Fish in the Grand Canal


Crayfish Bream
Perch
Carp
Pike
Tench

 


Crayfish
The Crayfish has no backbone, and although it is the largest invertebrate in Irish freshwaters, most people have never seen it. This is probably due to its shyness by day, and the result is that its distribution in Ireland is very poorly known. One of the first people to discover them first in the Grand Canal was Dick Warner.
He told us he discovered them in the Grand Canal in the 1960's. Crayfish live in streams, lakes and rivers and canals in Ireland and prefer lime-rich water, though they may also live elsewhere. They hide by day under stones or weed and at night they crawl out to feed on dead leaves and plants, and in addition they may feed on insects and worms.

 

 

Deep-bodied, large-scaled bream like the still and slow flowing waters of the canal. They feed on small water animals such as insect larvae and on some water plants. The largest bream reach a length of about 80cm and weigh about 4.5kg. The 'stripe' along a fish's side, is called the lateral line. It is a groove of specialised tissue that detects vibrations in the water, in effect allowing the fish to 'hear' and 'feel' water movements.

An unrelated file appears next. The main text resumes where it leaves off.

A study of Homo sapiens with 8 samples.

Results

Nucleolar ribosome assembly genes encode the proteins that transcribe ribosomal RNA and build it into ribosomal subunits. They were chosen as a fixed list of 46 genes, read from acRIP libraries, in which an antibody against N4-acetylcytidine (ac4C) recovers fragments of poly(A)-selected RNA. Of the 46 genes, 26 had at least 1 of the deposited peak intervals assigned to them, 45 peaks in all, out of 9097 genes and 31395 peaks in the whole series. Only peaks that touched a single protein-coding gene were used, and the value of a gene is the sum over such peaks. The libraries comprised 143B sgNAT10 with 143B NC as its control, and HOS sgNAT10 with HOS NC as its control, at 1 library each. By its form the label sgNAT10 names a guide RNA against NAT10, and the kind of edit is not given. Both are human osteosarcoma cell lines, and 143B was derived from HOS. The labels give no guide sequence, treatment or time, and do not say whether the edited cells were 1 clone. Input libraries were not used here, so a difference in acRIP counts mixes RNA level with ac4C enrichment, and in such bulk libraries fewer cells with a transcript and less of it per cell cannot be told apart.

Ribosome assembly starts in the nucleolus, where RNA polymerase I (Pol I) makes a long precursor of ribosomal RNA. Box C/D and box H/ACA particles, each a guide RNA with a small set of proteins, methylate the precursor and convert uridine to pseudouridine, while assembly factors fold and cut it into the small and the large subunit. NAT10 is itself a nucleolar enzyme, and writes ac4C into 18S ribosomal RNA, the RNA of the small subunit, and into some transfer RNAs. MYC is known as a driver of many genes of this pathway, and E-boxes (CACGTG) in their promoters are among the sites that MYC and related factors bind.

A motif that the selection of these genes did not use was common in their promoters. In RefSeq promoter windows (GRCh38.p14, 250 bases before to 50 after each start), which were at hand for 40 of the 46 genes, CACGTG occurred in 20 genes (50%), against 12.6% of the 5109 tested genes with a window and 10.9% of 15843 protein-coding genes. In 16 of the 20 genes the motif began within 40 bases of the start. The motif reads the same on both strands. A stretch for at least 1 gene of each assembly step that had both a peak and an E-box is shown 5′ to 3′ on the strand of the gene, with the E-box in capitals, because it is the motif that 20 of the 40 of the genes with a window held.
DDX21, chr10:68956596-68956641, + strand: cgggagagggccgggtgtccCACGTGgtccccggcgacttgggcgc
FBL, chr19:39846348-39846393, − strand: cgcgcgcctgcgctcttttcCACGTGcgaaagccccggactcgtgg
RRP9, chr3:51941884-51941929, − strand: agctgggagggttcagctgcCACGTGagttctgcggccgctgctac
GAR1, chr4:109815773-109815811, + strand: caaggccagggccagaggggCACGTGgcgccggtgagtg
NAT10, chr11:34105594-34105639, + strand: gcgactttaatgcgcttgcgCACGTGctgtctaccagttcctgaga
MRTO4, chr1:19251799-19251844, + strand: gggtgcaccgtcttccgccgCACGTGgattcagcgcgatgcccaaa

Markings on the flanks camouflage perch among waterweeds. These five or so vertical bars, the front dorsal fin which has prominent spines and the reddish other fins, mark out the perch as an exceptionally handsome fish. When fully grown they may weigh 2 kg. Perch feed on worms, snails, slugs, insects and small fish.

 

 




The carp has a mouth inferior with thick lips and two pair of barbels, one pair long. It has a forked tail fin, a dorsal fin long, a barbed bony ray in the origin of the dorsal and of the anal fin. There are several varieties which differ considerably in scaling and in the height of body. These include wild carp, king carp, mirror carp and leather carp. Carp grow to over 40 lb.

 

 

The pike is another species of fish which is often found in the waters of the Grand Canal. It has a voracious nature and is a sleek predator with a mouthful of sharp teeth. It is a very popular fish for fishermen to catch.

 

 

 

Tiny scales, a greenish sheen, an almost unforked tail, and a bulky muscular body characterises this still-water, bottom-feeding member of the carp family. A good-sized tench weighs around 4 kg and is a powerful fighter when hooked.

 

 


To find the resources to go with this page click here.

To find a Wordsearch to go with this page click here.

 

Ms. Dillon's 4th class provided the information for this page.